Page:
I know, I know. I completely stole that title from Alice Childress’s 1973 novel for young adults. What can I say, creativity isn’t coming on strong this holiday season. But it seemed perfect for this topic because I’ve learned that sometimes during tragic events a person you would least likely expect to be the hero, is. I talk a lot about how our “us” “them” frame of mind discourages true harmony in our lives. Kind of weird, in this case, I found my own thinking could have been of the “us” sort, in other words, God forbid I am one of “them.” It is known the mall massacre in Nairobi Kenya was taken out by an Al Qaeda-linked Muslim terrorist group, but this isn’t about that story. This is the story of a Christian missionary woman who decided to take her children to the mall to entertain them a few hours.
Soon after the family had eaten lunch, the two older boys wandered downstairs to a department store, the mother and three daughters (I believe aged 1,2 and about 5) began to wander down to meet the boys but before getting very far, the shooting started. Taking the natural flight response, she grabbed her girls and hid under a flimsy kiosk and for the next four hours lived with the very real terror of trying to keep her girls silent, worry for her sons, and watching the terrorists walk by shooting any live or injured person they would see. Elsewhere in the mall, a man phoned his brother and asked him to pray for him because a group was violently taking over the mall. I am sure the brother said the prayer, but he also decided to go try to rescue his brother. My bother (yep meant to spell it that way) probably would have watched it unfold on TV and leave the law enforcement to, um, law enforcement.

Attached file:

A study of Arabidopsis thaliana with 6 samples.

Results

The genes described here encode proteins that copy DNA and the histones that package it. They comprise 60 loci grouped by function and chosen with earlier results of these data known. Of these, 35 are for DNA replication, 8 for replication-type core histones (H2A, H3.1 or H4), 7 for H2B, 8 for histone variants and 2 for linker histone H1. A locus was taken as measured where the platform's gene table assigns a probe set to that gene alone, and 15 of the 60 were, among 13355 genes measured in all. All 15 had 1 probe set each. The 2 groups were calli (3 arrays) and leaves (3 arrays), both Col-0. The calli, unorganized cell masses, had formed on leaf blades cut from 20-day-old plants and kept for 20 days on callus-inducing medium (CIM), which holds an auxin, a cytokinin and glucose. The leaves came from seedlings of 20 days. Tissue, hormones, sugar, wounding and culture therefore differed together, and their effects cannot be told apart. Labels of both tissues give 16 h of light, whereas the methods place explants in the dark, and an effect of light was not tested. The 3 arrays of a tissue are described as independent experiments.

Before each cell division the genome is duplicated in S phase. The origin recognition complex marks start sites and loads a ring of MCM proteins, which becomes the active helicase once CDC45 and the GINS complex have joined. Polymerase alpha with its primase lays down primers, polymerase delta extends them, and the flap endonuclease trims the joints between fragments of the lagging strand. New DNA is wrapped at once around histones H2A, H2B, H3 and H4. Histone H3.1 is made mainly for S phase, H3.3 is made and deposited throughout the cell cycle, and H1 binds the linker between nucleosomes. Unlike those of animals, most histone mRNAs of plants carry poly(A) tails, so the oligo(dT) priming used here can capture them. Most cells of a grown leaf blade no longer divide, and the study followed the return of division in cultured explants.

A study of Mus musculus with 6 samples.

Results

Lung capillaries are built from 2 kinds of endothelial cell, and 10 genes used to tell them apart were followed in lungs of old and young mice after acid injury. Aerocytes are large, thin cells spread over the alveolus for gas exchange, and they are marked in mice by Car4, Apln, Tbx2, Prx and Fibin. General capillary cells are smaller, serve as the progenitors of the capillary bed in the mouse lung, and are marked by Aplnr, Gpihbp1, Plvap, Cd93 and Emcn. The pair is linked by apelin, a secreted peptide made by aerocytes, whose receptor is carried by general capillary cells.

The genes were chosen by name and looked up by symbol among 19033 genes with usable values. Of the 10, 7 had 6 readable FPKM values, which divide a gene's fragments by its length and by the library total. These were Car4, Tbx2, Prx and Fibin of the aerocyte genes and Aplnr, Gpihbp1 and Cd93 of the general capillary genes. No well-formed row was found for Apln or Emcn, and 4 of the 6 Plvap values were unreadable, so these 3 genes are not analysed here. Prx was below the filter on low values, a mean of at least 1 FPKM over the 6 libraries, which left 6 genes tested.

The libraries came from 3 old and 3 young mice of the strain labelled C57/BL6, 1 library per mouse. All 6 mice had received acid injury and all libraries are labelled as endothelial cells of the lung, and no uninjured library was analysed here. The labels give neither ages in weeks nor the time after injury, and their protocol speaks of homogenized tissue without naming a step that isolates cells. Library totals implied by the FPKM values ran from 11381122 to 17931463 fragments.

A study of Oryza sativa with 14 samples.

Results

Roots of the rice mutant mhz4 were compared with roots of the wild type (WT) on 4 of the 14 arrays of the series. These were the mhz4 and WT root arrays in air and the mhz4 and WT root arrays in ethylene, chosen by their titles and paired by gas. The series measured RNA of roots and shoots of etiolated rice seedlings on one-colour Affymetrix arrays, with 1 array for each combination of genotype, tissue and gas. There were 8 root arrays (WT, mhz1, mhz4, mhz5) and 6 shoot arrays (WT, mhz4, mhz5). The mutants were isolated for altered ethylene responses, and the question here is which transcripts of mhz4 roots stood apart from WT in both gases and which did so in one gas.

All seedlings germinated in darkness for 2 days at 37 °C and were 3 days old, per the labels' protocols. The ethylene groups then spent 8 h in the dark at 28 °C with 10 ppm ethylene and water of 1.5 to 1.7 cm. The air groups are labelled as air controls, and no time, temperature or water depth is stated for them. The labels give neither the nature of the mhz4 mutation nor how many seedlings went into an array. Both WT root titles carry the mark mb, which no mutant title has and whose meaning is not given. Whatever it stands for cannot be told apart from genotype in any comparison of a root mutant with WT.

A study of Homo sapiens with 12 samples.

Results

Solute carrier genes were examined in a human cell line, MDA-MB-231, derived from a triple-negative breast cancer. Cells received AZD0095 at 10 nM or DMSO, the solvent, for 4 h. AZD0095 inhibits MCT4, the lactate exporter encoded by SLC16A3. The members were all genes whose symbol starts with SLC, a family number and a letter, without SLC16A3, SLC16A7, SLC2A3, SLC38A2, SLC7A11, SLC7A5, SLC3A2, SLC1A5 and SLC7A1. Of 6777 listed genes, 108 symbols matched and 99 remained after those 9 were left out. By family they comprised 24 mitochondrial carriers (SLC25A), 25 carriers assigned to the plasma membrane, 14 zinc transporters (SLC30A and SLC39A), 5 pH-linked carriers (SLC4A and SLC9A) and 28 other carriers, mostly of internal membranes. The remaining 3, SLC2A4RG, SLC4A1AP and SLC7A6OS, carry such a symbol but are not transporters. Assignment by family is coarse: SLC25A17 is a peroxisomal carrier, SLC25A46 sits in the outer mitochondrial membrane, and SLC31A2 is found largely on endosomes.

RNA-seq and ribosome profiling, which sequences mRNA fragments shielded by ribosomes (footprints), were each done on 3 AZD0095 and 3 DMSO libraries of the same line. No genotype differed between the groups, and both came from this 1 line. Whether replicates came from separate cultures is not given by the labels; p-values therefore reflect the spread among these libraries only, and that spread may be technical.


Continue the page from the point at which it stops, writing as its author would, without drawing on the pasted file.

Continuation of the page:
But this brother, arrived at the mall and as he was set to enter the mall from the parking garage, he received a call from his mall bound brother saying he was out and safe. The thing is, the man could have just backed away, gone to meet his brother, and went home. He chose not to, this brave man, he went in and eventually saved this Christian woman and her daughters.
The take from? I can hate the actions of Al Qaeda as much as the next person, much of what they do seems a senseless waste of innocent life. But this nagging “us” and “them” mentality? Well, it’s good to remember, things aren’t always as they appear. We should always strive to see people by their face value, not senseless labels, because the Hero? The fellow not even at the mall when it was raided? He was Muslim. Just a happy ending to think about, if you have the time on this busy holiday season.